By Bongiwe Zwane-Maseko
The Eswatini Environment Fund has financed 44 community projects for the rehabilitation and protection of wetlands over E5 million in the last five years.
This was said by Eswatini Environmental Authority’s (EEA) Belusile Mhlanga who said the rehabilitation efforts have contributed immensely to the improvement of livelihoods as resources as wetlands provide resources such as fibre, that is used in the art and craft industry which is mostly dominated by women.
“As the world gathered on February 2 to commemorate World Wetlands Day, we are reminded of the importance of actions that ensure that wetlands are conserved and sustainably used. It’s an appeal to invest financial, human, and political capital to save the world’s wetlands from disappearing and to restore those we have degraded,” she said.
She said the Fund’s projects have made a strong footprint in wetland protection and restoration. Mhlanga said the critical socio-economic importance of wetlands to the development and empowerment of local communities especially in the rural communities has not been extensively demonstrated.
She noted that households earn a living from the sale of handicraft products from the wetland and vegetable and crop production along the periphery of the wetlands.
“The fibre species harvested specifically to produce handicraft products include Cyperus latifolius (likhwane), Cyperus articulates (inchoboza), and Miscanthuscapensis (umtsala). Vegetables grown along the periphery of the wetlands, especially in Sigwe include cabbage, lettuce, tomatoes, beetroot, spinach, and onion. Maize is also cultivated on the periphery of all three studied wetlands. Traditional healers get most of the medicine from wetlands to sustain their profession or calling,” she said.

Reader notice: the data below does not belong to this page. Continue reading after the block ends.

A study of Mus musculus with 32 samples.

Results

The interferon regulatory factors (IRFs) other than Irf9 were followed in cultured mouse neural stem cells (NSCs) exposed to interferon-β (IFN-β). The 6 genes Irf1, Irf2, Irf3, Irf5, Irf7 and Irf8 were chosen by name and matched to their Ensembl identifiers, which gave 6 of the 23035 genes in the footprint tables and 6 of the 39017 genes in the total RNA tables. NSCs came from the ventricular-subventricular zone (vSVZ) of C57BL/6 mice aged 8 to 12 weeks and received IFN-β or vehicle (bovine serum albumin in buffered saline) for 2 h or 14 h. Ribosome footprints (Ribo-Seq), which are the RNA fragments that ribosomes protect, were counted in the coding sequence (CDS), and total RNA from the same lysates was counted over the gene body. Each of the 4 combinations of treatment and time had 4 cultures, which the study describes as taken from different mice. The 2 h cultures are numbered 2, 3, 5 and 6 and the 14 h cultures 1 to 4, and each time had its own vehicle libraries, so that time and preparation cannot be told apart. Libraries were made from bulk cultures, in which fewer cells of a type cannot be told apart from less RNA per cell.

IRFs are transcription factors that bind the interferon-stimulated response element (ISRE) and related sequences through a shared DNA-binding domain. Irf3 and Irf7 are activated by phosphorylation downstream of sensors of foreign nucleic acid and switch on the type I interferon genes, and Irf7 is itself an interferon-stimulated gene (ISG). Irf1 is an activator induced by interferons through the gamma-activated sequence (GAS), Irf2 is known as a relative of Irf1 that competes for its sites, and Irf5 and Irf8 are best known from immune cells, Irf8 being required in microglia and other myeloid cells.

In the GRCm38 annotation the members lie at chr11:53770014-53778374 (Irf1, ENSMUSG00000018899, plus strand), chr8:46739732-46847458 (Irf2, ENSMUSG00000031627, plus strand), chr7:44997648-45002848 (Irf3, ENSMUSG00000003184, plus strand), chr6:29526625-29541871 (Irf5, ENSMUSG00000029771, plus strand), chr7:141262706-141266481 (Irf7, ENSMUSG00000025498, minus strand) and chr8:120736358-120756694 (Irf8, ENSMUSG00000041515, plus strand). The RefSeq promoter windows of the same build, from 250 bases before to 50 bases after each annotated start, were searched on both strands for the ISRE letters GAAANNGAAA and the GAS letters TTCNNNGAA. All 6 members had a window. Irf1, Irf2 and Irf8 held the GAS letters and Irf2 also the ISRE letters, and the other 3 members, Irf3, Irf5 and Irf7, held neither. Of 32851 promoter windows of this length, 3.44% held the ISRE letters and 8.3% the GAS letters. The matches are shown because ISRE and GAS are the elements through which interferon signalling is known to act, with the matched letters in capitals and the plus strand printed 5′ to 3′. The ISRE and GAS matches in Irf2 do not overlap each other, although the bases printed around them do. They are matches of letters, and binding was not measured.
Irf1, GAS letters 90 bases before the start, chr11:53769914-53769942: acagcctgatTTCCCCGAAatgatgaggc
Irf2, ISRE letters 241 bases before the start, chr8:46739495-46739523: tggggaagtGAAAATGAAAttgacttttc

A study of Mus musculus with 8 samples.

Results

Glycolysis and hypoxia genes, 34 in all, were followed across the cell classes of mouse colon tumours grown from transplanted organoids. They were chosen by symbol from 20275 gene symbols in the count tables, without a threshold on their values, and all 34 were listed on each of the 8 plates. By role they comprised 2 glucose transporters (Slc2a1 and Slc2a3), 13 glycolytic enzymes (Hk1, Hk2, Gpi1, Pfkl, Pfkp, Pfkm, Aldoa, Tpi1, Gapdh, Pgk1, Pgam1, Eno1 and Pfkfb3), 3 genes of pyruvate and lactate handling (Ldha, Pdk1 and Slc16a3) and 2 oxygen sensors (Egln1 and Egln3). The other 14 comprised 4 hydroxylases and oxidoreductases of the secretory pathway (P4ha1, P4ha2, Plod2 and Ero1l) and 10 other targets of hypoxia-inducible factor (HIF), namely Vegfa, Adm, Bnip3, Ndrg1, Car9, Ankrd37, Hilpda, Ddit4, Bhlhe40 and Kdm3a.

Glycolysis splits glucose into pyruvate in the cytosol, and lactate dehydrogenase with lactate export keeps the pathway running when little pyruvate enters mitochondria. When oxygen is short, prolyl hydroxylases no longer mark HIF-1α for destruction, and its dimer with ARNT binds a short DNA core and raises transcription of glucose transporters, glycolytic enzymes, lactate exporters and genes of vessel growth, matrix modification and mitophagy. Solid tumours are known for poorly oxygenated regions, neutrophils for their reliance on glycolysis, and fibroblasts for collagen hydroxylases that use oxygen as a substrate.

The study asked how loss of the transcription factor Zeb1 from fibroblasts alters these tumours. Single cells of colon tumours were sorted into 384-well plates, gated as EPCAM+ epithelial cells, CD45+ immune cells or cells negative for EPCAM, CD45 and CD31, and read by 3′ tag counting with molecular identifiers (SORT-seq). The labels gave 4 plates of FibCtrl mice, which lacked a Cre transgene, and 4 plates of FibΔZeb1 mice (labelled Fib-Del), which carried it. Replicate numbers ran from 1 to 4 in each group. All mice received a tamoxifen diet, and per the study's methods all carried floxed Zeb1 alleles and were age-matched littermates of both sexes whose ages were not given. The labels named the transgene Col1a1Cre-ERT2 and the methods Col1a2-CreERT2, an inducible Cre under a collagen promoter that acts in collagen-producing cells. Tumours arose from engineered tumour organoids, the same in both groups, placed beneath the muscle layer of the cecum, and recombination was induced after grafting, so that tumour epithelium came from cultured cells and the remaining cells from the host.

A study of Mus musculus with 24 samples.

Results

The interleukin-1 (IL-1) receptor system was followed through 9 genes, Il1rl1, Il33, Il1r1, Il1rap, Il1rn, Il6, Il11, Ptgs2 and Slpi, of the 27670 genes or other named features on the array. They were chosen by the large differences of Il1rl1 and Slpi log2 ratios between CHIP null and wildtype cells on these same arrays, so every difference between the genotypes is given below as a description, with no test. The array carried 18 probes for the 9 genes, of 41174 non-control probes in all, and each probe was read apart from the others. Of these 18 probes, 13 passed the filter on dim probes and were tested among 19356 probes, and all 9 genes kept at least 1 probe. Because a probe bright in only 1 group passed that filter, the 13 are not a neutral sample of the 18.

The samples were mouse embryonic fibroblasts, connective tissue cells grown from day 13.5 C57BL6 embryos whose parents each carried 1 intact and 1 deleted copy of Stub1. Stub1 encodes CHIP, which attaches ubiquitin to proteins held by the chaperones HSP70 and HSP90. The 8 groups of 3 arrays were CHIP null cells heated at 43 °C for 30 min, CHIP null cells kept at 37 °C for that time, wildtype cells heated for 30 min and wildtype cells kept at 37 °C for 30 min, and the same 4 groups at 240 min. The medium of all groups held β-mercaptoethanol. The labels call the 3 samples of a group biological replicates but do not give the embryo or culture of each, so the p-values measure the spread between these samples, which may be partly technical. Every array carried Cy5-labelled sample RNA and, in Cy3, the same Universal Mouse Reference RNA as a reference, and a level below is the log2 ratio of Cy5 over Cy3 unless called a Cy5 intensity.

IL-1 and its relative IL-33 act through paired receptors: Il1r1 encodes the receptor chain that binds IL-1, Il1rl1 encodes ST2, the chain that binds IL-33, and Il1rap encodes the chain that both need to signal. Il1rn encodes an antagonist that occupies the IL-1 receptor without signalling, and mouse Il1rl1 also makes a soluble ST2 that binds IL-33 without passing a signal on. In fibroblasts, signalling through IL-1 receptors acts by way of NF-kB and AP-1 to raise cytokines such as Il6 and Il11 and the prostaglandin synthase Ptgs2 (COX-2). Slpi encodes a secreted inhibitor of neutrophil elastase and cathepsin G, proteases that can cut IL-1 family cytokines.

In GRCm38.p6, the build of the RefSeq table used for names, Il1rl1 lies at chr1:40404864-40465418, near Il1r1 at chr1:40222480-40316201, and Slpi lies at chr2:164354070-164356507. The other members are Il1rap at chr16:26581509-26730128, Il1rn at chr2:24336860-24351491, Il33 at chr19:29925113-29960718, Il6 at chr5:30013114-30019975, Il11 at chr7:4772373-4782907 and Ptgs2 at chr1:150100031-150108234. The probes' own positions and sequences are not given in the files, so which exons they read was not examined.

She said the most common direct impacts on wetlands in the country include filling, grading, removal of vegetation, drainage of wetlands, and building construction on the wetland.
“This causes significant changes in the function and quality of the wetland. The changes include the alteration of the physical, chemical, and biological components of the wetland. Widespread land development and clearing cause increased erosion leading to increased sedimentation of lowland areas. Sedimentation causes alter the hydrologic regime of wetland in a relatively short time,” Mhlanga said.
She said many homeowners are unaware of the dangers of building on wetlands.
“Constructing in such areas comes with a lot of risks. The soil is not the best to build because its structure is weak and mostly made of clay. The buildings also block the natural flow of water and lead to flooding. It can also expose dwellers to waterborne diseases such as cholera and typhoid. Worse still the buildings may collapse during the rainy season and destroy life and property. Other human activities which have lasting effects on wetlands are waste disposal and sewage discharge into the wetland,” she said.